The organization that administers the law school admission test will pay $7.73 million to settle claims that it failed to accommodate exam takers with disabilities.
The settlement was announced on Tuesday by the Justice Department, which in 2012 intervened in a class action brought on behalf of test takers in California.
The lawsuit alleged that the Law School Admission Council routinely denied accommodation requests—even in cases where applicants had a permanent physical disability or had been afforded such testing accommodations since elementary school—and had engaged in widespread and systemic discrimination in violation of the Americans with Disabilities Act.
LSAC did not admit guilt or liability in its agreement with the DOJ and the California Department of Fair Employment and Housing.
Under the terms of the agreement, #LSAC will pay $7.73 million to compensate the more than 6,000 individuals who over the past five years had requested accommodations such as extra time, which one litigant with dyslexia was allegedly denied despite extensive documentation of the diagnosis and his long history of testing accommodations on AP exams, the SAT and other tests.
The council will also reform its policies and stop flagging LSAT scores for people who receive extended time—a practice the lawsuit alleged was discriminatory because it identified to law schools that a test taker had a disability.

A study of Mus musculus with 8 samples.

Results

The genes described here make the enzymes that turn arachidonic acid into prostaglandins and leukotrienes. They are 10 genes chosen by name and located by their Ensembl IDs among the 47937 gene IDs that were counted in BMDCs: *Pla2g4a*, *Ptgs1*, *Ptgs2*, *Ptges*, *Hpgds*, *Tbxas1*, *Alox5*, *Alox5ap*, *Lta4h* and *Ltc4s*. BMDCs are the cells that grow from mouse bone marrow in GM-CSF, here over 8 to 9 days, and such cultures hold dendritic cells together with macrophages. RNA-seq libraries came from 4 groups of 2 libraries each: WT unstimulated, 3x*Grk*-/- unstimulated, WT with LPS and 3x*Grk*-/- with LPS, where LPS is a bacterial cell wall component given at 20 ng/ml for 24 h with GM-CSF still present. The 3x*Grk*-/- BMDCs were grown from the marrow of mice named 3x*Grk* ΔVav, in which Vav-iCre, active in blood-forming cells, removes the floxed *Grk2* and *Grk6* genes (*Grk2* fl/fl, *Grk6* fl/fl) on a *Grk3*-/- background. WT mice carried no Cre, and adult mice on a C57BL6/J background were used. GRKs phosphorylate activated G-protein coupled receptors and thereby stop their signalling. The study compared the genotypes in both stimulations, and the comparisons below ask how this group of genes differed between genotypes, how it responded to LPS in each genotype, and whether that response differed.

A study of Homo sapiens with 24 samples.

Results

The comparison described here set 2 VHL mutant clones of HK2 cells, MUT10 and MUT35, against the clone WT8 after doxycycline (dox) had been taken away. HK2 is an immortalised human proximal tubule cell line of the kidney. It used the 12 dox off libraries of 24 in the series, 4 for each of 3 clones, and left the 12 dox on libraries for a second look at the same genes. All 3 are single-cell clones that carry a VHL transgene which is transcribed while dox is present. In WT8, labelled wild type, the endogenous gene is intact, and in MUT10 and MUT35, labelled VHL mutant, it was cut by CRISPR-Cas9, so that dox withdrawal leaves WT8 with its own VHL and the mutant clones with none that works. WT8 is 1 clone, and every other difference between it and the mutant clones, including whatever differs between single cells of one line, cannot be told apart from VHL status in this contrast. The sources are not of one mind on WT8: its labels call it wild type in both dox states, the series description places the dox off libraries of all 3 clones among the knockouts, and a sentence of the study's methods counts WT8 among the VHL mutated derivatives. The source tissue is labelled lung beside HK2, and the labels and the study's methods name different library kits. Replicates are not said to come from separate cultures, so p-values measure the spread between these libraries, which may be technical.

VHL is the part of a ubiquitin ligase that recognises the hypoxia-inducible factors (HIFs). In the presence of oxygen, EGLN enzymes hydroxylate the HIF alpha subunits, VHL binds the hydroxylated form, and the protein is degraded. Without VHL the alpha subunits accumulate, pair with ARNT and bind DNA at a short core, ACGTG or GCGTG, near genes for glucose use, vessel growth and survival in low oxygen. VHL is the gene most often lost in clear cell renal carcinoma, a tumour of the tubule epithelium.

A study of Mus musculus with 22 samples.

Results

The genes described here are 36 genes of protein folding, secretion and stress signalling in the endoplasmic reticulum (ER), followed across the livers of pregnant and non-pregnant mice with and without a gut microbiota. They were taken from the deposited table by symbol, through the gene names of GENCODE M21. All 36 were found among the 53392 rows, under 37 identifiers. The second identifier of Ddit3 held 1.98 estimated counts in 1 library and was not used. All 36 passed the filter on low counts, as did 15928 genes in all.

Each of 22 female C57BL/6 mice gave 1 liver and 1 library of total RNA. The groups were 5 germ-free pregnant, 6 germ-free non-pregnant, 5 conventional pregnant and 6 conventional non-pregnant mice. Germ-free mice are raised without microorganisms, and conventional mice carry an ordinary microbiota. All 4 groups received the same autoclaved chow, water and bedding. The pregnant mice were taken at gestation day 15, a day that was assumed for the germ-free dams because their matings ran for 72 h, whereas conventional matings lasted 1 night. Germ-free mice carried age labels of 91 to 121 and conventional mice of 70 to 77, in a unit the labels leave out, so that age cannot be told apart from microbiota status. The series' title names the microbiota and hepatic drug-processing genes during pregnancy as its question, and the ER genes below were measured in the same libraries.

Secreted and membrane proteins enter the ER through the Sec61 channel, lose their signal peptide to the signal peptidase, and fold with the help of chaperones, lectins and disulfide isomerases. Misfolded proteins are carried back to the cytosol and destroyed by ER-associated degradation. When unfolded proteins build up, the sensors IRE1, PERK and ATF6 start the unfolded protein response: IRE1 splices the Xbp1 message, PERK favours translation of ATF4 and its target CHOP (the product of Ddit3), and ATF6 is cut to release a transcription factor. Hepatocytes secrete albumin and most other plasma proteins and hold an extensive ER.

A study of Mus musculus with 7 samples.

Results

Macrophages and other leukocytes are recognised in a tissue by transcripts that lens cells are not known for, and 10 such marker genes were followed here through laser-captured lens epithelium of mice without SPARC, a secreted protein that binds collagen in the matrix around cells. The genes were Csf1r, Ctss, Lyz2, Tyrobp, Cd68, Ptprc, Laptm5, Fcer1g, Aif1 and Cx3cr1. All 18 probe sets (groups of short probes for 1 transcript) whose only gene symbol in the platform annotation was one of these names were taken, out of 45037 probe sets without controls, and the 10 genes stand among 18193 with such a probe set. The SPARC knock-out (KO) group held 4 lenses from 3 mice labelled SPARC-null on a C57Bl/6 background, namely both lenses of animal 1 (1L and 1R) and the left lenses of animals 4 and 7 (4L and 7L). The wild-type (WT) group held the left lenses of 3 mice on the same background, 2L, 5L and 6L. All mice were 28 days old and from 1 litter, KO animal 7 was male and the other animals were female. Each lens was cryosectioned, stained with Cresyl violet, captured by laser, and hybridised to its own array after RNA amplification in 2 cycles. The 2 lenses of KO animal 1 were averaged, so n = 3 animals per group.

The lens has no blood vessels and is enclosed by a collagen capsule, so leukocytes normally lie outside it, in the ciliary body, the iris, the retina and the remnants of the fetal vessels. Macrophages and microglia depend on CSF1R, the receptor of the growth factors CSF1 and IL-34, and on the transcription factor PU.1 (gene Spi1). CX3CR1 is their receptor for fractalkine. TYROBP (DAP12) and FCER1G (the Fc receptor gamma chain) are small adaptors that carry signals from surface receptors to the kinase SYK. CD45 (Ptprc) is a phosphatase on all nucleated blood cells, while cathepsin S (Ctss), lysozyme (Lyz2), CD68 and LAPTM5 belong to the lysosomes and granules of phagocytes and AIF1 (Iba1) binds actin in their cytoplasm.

“The reforms will impact tens of thousands of test takers with disabilities for years to come,” DOJ said in a statement on Tuesday.
For its part, LSAC said in a statement: “We decided to resolve this case not because we believe that we were wrong in our position, but because we do not think that continued litigation is in the best interests of our member schools or prospective law school students.”
The council noted that DOJ had known of its practice of “annotating” accommodated test scores since at least 1986, and said “it would have been more appropriate, and more productive for all concerned,” for the agency to have pursued the changes through “a traditional notice-and-comment rulemaking” instead of resorting to litigation.